Figure 1. Inside a wealthy Roman's house; from the atrium with its impluvium we can see the tablinum and peristylium.
Figure 2. Reconstruction of a typical Roman domus. Left side. (N.b. Part of the roof has been removed to reveal the interior.)
Figure 3. Reconstruction of a typical Roman domus. Right side. 1 Vestibulum; 2 Door (halfway along the entrance hall) ; 3 Atrium; 4 Impluvium; 5 Tablinum (reception room); 6 Library; 7 Triclinium (dining-room); 8 Bedrooms; 9 Andron (corridor leading to peristylium); 10 Peristylium; 11 Portico; 12 Exedra (drawing-room); 13 Kitchen and pantry; 14 Lavatory; 15 Posticum (side entrance, leading to peristylium); 16 Room for the slave who acted as porter
Figure 4. Hypocaust pillars in the Roman villa at Chedworth, near Cirencester
Figure 5. A fine domus at Pompeii.
Some well-built insulae survive to this day in the ruins of Ancient Ostia. Built of the thin, deep-red bricks that are still used in central Italy, they rose to a height of three or four storeys, often with projecting balconies. Still visible are the separate sets of stairways which made various apartments independent of each other (see Figure 1).
But in Rome itself, insulae were only too often roughly built to dangerous heights by speculative builders. (As a safety measure, the Emperor Augustus limited the height of buildings to 70 feet). Fire was always a very real danger: The huge fire in Nero's reign was by no means the only one. It is not surprising that all Romans who could afford it preferred to live in a domus (private house) of the Pompeian type. Even so, we know that in about AD 350 there were fewer than 1,800 domus in Rome, compared to over 44,000 insulae.
The traditional Roman house, or 'domus'
The earliest type of Roman house consisted of a single-roomed hut, with a hole in the roof to let out the smoke from the fire. Because it became black (ater) with smoke, it was called the atrium. The Romans' intense conservatism made this the basis of even the most magnificent domus; it was to the atrium that the other rooms were added. Of course the rain came in through the hole in the roof (compluvium), so a small basin (impluvium), perhaps about 3 feet square and 6 inches deep, was set in the floor beneath it.
Beyond the atrium, and separated from it only by curtains, was the tablinum (reception room). The triclinium (dining-room) was often level with this room, and was separated from it by the andron, a short passage leading to the peristylium. This was a formal garden, partly or entirely surrounded by rows of columns, and embellished with statues or a fountain. It often also had a 'back entrance' (posticum) directly from the street.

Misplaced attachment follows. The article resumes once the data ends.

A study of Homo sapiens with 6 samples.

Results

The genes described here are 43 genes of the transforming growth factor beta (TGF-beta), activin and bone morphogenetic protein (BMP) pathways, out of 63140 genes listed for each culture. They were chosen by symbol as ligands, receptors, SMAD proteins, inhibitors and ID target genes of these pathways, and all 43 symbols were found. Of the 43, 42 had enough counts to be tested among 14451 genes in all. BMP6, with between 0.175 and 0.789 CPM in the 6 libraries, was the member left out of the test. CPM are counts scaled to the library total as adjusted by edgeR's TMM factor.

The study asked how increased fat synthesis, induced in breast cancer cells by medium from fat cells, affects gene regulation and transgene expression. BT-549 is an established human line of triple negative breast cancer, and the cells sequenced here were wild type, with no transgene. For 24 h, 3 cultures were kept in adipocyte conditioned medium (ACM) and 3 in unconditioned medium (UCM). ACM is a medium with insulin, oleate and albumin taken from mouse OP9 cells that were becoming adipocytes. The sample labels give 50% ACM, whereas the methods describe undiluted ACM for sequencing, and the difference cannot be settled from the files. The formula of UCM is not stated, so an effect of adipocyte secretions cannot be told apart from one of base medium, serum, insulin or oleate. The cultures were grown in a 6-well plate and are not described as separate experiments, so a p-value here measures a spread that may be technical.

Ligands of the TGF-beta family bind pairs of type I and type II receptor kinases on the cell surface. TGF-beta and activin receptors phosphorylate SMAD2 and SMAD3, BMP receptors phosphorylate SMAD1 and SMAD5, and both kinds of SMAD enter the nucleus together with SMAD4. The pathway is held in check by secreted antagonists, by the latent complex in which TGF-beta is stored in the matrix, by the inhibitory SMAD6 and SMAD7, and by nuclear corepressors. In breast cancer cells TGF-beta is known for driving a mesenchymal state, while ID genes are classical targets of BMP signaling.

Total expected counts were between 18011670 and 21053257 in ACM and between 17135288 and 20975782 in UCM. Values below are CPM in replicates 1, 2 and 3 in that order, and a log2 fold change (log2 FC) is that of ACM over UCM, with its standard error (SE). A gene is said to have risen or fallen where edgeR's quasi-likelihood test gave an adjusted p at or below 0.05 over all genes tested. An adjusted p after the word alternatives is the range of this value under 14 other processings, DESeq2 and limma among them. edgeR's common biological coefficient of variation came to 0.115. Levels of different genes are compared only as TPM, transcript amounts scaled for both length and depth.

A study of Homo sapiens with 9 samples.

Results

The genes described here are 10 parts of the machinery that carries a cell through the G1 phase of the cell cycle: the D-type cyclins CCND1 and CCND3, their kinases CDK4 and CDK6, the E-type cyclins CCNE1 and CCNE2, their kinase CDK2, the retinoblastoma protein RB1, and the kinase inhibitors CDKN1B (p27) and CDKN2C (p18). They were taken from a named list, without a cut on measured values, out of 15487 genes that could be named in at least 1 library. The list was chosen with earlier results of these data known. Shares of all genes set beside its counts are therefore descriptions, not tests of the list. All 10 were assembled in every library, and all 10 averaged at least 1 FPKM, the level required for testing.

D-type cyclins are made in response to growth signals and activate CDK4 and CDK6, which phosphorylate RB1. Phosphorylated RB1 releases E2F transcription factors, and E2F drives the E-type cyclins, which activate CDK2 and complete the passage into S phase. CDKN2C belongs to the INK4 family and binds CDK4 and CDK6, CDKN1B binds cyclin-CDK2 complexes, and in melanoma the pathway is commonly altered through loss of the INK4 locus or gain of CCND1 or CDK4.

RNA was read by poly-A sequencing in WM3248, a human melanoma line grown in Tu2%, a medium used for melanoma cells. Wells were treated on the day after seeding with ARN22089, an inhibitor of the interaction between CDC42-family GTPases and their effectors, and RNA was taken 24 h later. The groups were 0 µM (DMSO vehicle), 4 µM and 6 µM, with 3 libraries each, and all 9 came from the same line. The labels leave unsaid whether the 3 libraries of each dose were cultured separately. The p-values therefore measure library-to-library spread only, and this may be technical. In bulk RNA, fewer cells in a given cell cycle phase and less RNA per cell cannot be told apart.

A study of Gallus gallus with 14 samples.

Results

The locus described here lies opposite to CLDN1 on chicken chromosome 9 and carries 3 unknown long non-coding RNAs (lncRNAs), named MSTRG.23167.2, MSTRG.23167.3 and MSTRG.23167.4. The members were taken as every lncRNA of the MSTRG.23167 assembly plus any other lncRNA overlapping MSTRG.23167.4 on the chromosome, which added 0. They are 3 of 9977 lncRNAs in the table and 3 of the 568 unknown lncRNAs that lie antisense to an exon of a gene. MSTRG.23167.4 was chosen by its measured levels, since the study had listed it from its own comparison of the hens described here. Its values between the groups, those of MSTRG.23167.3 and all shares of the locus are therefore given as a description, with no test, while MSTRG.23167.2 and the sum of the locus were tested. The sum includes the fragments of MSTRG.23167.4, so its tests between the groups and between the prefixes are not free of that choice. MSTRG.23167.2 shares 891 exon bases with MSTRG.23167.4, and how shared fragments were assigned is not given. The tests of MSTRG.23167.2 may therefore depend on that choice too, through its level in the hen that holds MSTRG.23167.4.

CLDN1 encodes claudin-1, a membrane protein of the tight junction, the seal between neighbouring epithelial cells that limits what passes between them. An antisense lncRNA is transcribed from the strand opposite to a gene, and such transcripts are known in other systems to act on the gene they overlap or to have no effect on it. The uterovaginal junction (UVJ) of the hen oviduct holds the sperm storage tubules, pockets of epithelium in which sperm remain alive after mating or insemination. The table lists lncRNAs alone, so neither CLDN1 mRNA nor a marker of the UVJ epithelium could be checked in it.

In Figures 2 and 3 is a reconstruction of a Roman domus (shown here in two parts, left side and right). As can be seen, it faced inwards; the outer walls were blank with few if any windows. This is not surprising as Rome had no police force until the time of Augustus. The inner walls were covered with painted patterns and lifelike murals. Floors were uncarpeted, but decorated with murals.
Roman houses in Britain
Figure 4 gives some impression of the difference in climate between Italy and Britain. It is not surprising that hypocausts (the Roman system of central heating) were more usual in Britain than in Italy. The floors of the principal rooms were supported on small square pillars (pilae). Hot air from an outside furnace circulated under the floor, and rose through hollow tiles in the walls to warm the rooms. Houses in the towns of Roman Britain were not otherwise different from Roman houses elsewhere. But in the country, the typical Roman house was the villa. This was a self-contained country house, complete with farm buildings and outhouses, and surrounded by a wall or a ditch. The larger villas usually had a suite of baths attached: being out of town, there were no lavish public baths nearby, as there were in Rome or Pompeii.
Roman villas in Britain were generally more open in plan than houses in Italy. This was to aviod shutting out the sun. They varied considerably in size: many have been recognised from the discovery of wonderful mosaic pavements.
A fine 'domus' at Pompeii
Figure 5 shows a reconstruction of a particularly fine Roman private house at Pompeii. It occupied a complete block. In the foreground is the garden. Rooms used by the owner were in the central part only. At the sides were small shops, each with its own entrance from the street. On the higher floors were the living-rooms attached to the shops.